Journal: Journal of the American College of Cardiology
Previous studies have suggested that coronary heart disease (CHD) may be associated with accelerated cognitive decline. However, the temporal pattern of cognitive decline before and after incident CHD remains largely unknown.
Patients with heart failure (HF) are at high risk for hospital readmission in the first 30 days following HF hospitalization.
Leucocyte telomere length (LTL) shortening is associated with cardiovascular ischemic events and mortality in humans, but data on its association with subclinical atherosclerosis are scarce. Whether the incidence and severity of subclinical atherosclerosis are associated with the abundance of critically short telomeres, a major trigger of cellular senescence, remains unknown.
Valvular heart disease (VHD) and atrial fibrillation (AF) often coexist. Phase III trials comparing non-vitamin K antagonist oral anticoagulants (NOACs) with warfarin excluded patients with moderate/severe mitral stenosis or mechanical heart valves, but variably included patients with other VHD and valve surgeries.
The prognostic importance of high-density lipoprotein cholesterol (HDL-C) as a specific risk factor for cardiovascular (CV) disease has been challenged by recent clinical trials and genetic studies.
For acute myocardial infarction (AMI) without heart failure (HF), it is unclear if β-blockers are associated with reduced mortality.
Dietary recommendations emphasize increased consumption of fruit, vegetables, and whole grain cereals for prevention of chronic disease.
The coronavirus disease-2019 (COVID-19) is an infectious disease caused by severe acute respiratory syndrome coronavirus 2 that has significant implications for the cardiovascular care of patients. First, those with COVID-19 and preexisting cardiovascular disease (CVD) have an increased risk of severe disease and death. Second, infection has been associated with multiple direct and indirect cardiovascular complications including acute myocardial injury, myocarditis, arrhythmias and venous thromboembolism. Third, therapies under investigation for COVID-19 may have cardiovascular side effects. Fourth, the response to COVID-19 can compromise the rapid triage of non-COVID-19 patients with cardiovascular conditions. Finally, the provision of cardiovascular care may place health care workers in a position of vulnerability as they become host or vectors of virus transmission. We hereby review the peer-reviewed and preprint literature pertaining to cardiovascular considerations related to COVID-19 and highlight gaps in knowledge that require further study pertinent to patients, health care workers, and health systems.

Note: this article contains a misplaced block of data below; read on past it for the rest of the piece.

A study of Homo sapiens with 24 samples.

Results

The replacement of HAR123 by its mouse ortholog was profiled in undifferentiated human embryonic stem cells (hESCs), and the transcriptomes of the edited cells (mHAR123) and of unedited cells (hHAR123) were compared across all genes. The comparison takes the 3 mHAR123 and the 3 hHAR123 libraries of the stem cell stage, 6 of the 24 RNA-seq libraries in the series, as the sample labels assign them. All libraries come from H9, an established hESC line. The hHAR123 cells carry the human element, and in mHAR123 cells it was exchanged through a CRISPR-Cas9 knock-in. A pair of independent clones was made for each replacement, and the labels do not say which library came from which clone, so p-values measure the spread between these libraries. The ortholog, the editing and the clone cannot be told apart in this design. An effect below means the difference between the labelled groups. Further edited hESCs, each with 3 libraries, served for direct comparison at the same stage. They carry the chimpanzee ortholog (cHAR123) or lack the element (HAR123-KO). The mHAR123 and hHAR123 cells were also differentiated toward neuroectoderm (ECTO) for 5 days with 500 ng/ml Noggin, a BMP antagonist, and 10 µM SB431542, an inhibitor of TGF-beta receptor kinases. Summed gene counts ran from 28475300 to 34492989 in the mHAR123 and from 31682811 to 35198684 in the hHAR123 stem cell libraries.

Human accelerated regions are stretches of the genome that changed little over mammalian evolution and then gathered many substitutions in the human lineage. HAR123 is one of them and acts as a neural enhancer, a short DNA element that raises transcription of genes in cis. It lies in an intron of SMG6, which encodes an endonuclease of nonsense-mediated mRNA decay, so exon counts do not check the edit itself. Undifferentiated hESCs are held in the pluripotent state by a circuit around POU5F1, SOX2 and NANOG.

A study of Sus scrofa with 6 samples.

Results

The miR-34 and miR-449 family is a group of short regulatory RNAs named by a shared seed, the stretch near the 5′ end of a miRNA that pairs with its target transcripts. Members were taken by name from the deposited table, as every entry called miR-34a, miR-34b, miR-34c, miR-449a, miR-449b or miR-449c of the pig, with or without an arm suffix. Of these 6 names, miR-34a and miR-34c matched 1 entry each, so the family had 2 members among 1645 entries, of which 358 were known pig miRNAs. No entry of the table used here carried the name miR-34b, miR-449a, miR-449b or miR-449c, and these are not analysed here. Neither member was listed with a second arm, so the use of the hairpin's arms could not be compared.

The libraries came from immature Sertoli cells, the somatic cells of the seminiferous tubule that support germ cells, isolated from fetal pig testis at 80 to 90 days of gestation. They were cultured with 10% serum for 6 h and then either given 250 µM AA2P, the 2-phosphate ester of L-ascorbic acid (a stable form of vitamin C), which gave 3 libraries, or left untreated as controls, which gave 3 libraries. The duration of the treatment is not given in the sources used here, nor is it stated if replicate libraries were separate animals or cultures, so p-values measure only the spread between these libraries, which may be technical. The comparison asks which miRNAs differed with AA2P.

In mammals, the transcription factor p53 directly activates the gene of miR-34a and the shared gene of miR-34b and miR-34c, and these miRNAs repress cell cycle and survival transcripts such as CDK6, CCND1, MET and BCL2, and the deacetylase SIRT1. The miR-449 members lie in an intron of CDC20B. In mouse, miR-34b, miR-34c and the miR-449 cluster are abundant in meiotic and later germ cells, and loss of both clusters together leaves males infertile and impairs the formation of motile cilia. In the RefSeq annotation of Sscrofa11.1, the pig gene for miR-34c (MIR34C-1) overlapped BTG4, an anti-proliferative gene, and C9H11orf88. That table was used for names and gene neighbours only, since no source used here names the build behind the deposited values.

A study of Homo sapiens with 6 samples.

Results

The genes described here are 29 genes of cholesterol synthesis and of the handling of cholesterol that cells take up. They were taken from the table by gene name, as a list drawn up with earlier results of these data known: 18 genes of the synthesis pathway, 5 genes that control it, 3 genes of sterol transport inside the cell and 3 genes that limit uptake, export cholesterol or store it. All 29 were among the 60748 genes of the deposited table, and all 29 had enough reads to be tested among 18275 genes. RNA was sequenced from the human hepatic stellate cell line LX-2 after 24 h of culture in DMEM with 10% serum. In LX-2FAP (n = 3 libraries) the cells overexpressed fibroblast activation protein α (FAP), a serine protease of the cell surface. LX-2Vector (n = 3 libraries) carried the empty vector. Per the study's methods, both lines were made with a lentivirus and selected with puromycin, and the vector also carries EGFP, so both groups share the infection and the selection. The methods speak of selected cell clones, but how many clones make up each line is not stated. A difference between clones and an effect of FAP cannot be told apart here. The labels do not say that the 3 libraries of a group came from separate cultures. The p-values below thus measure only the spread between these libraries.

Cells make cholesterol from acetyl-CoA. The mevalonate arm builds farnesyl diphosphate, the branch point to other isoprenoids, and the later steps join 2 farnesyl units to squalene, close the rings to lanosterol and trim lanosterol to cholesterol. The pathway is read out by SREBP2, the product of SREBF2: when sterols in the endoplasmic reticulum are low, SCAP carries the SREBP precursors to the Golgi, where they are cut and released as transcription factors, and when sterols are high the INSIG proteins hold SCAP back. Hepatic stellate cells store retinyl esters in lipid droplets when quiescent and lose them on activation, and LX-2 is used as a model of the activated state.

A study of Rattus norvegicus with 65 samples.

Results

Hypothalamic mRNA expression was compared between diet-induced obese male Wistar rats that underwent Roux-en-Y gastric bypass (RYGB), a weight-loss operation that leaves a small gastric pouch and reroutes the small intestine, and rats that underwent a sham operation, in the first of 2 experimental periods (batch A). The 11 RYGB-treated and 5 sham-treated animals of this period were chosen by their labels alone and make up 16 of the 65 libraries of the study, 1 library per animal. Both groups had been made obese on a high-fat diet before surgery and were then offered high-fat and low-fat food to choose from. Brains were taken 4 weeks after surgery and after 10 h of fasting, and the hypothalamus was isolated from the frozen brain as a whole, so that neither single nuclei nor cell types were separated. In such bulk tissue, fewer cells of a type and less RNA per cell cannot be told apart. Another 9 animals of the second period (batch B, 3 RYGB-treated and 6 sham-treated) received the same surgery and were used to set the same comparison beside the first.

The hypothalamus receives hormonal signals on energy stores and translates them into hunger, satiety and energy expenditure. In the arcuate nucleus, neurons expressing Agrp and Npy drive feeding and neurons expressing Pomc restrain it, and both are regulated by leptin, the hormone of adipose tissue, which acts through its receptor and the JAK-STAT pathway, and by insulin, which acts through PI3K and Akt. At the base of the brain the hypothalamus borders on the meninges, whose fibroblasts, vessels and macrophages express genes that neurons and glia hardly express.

Left atrial appendage closure (LAAC) using the Watchman device was FDA-approved as a stroke prevention alternative to warfarin for patients with non-valvular atrial fibrillation. However, clinical decision-making is confounded by the fact that while LAAC avoids the anticoagulant-related lifetime risk of bleeding, implantation is associated with up-front complications. Thus, enthusiasm for LAAC as a treatment option has been appropriately tempered, particularly as the therapy is introduced beyond the clinical trial sites into general clinical practice.
Ischemic heart disease is a complex disease process caused by the development of coronary atherosclerosis, with downstream effects on the left ventricular myocardium. It is characterized by a long preclinical phase, abrupt development of myocardial infarction, and more chronic disease states such as stable angina and ischemic cardiomyopathy. Recent advances in computed tomography (CT) and cardiac magnetic resonance (CMR) now allow detailed imaging of each of these different phases of the disease, potentially allowing ischemic heart disease to be tracked during a patient’s lifetime. In particular, CT has emerged as the noninvasive modality of choice for imaging the coronary arteries, whereas CMR offers detailed assessments of myocardial perfusion, viability, and function. The clinical utility of these techniques is increasingly being supported by robust randomized controlled trial data, although the widespread adoption of cardiac CT and CMR will require further evidence of clinical efficacy and cost effectiveness.